More high-speed Internet service is coming to much-needed areas of rural North Carolina after two state grants totaling $415,000 were recently awarded to Eastern Carolina Broadband of Pink Hill.
(TNS) — More high-speed Internet service is coming to much-needed areas of rural North Carolina because of two state grants totaling $415,000 to Eastern Carolina Broadband of Pink Hill.
The company will contribute $221,000 to complete $636,000 in total project monies for Lenoir and Jones counties. ECB provides Internet services to rural and underserved areas of Lenoir, Jones and Duplin counties. The grants are through the North Carolina Department of Information Technology's Broadband Infrastructure Office.
The grants will cover 65 percent of projects for Lenoir and Jones counties.
A $135,201 grant will allow the company to deploy services to about 319 more households, businesses, agricultural operations and anchor institutions in Lenoir County. ECB's share is $72,000. A $279,901 grant will apply in the same way for about 569 Jones County customers, with ECB putting in $150,000.
Susan Myers, co-founder and a managing partner of Eastern Carolina Broadband, said these grants greatly help her company continue its work on "last mile Internet" to areas that are without or have poor signal service.
"In a bi-partisan effort, the state legislature approved for the first time a grant program to help companies provide Internet to rural areas in Tier I counties," she said. "Eastern Carolina Broadband applied for and won grants for both Jones and Lenoir Counties. The state asked local governments to partner by providing affordable access to their vertical assets such as water towers and EMS towers."
Myers said ECB uses fixed wireless technology to beam fiber off of water towers, grain elevators and utility poles to local homes and businesses.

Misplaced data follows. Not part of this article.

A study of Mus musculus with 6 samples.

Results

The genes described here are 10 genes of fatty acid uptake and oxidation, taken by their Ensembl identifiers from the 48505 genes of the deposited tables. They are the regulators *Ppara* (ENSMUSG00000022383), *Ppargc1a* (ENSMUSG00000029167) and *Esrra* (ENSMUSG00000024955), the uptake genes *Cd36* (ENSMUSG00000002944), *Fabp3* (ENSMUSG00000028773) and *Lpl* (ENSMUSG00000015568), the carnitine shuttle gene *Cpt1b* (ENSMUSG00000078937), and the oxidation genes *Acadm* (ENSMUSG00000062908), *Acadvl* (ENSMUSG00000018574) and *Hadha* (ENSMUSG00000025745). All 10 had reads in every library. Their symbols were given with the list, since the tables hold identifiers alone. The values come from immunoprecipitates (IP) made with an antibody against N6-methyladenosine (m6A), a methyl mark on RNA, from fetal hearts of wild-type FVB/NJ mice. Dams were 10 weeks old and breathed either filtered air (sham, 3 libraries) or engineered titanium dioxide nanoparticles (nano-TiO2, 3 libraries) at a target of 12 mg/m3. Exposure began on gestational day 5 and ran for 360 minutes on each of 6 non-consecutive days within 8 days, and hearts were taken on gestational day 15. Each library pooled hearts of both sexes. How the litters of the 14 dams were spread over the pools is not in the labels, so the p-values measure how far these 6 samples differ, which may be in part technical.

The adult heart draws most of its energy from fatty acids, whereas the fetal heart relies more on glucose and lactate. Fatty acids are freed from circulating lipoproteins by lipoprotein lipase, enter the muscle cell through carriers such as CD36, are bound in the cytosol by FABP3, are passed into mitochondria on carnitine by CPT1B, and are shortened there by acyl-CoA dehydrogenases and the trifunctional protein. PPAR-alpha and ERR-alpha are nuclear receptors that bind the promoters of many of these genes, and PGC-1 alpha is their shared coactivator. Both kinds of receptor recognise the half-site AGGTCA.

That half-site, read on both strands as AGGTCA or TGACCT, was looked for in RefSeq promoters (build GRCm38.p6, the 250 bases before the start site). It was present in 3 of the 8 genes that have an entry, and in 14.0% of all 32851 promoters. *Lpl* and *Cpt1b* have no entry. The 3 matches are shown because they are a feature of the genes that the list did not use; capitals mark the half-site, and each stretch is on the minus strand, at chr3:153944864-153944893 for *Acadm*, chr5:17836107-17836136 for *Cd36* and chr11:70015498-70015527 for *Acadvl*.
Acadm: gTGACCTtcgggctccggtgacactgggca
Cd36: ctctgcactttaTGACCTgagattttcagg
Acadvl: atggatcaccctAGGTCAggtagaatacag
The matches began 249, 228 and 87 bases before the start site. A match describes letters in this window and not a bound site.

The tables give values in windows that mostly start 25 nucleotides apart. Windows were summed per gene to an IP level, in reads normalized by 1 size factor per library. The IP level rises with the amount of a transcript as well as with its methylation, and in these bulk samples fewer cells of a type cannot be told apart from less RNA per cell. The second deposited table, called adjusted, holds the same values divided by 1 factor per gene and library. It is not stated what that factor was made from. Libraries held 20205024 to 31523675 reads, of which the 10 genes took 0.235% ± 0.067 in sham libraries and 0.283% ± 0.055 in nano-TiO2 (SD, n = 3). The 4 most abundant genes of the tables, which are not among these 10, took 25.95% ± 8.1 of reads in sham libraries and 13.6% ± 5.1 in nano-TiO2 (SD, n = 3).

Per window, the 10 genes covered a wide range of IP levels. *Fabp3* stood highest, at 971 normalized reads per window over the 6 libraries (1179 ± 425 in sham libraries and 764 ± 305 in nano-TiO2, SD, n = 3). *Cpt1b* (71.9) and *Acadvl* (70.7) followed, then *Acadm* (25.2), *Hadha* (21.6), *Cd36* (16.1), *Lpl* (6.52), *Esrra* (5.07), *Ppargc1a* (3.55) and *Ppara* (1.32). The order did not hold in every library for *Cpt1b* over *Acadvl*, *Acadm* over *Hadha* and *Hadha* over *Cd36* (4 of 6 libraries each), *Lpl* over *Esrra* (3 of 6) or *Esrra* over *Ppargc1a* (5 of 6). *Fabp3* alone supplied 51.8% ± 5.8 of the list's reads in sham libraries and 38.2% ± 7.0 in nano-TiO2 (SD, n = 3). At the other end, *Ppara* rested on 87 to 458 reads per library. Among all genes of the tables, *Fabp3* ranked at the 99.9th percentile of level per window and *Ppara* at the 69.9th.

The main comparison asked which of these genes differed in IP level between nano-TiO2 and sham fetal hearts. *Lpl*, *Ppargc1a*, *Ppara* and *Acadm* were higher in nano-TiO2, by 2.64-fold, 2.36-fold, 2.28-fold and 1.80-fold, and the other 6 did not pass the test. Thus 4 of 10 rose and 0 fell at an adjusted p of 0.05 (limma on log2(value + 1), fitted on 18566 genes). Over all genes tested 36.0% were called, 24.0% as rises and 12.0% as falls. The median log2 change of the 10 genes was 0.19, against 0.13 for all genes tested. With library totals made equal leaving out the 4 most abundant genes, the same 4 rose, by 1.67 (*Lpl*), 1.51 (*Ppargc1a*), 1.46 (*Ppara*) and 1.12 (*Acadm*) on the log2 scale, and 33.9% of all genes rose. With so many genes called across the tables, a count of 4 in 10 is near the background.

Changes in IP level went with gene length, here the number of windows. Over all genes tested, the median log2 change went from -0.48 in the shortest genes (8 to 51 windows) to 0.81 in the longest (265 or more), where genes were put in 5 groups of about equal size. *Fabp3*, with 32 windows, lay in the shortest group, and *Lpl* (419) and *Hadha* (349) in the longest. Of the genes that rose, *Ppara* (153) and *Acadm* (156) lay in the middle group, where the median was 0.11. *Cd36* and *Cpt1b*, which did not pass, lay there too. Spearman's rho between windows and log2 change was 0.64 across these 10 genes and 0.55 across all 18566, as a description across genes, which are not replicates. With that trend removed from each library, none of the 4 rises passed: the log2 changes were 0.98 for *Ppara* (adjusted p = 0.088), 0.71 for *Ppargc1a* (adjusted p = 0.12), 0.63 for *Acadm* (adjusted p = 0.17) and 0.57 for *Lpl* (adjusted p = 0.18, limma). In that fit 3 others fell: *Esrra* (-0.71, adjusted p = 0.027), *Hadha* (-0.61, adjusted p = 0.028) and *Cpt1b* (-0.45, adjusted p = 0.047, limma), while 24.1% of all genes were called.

"After working with the N.C. Broadband office and our local 'Think Tank,' we were shocked that so many rural school children, farmers and businesses did not have access to high-speed Internet," she said of the company's founding principles. "Our community will fall behind without access to high-speed Internet. Thus, several of us founded Eastern Carolina Broadband, LLC to provide affordable high-speed Internet to those rural households and businesses. For us, this is a social investment in our community."
She praised the participating local governments.
She said affordable leasing was arranged in Jones County on water towers, grain elevators and the EMS tower.
"We will utilize the grant to install equipment on these vertical assets," she said. "Deployment in Jones County will start in 60 days, but it may take the company up to 18 months to offer services to all 659 locations."
She said there is more need in Lenoir County number-wise, but affordable leasing couldn't be arranged with several Lenoir towns and entities, limiting the numbers to 319.
"If we are able to rent the water towers in the future, then we may be able to apply for a grant next year for Lenoir County," she said.
ECB is also in Duplin County and has leased space on all the county-owned water towers and many grain elevators. Because Duplin wasn't rated as a Tier 1 county in 2018, it was not eligible for the grant. Duplin has once again been rated a Tier I county in 2019 and will be eligible next year. ECB plans to apply.
In the meantime, Meyers said ECB is launching Internet where it can in Duplin County.
"Much of the rural areas of Tier II counties, such as Craven, Onslow and Pamlico, do not have access to high speed Internet. We are hoping that the 2020 GREAT Grant program will allow us to apply for rural areas of Tier II counties," she added.
More information on services, rates and other questions are on the ECB web site at ecbroadband.com or email firstname.lastname@example.org.
Eastern Carolina Broadband is a locally-owned and operated company, incorporated in 2017 by four experienced business owners — Myers, Al Rachide, Rodney Scott and Jennings Outlaw.
One thing the company touts is that it charges no "hidden fees," since wireless transmissions are tax-free by law.
Also according to the website, the typical subscriber antenna is the size of a dinner plate or smaller. For some homes that are at the outer range of service, a two-foot dish may be needed.
This system is optimized to provide Internet service, not cell phone service.
More information is online at mobileinfo.com/Broadband/wrls_bdbd_work.htm
©2019 the Sun Journal (New Bern, N.C.). Distributed by Tribune Content Agency, LLC.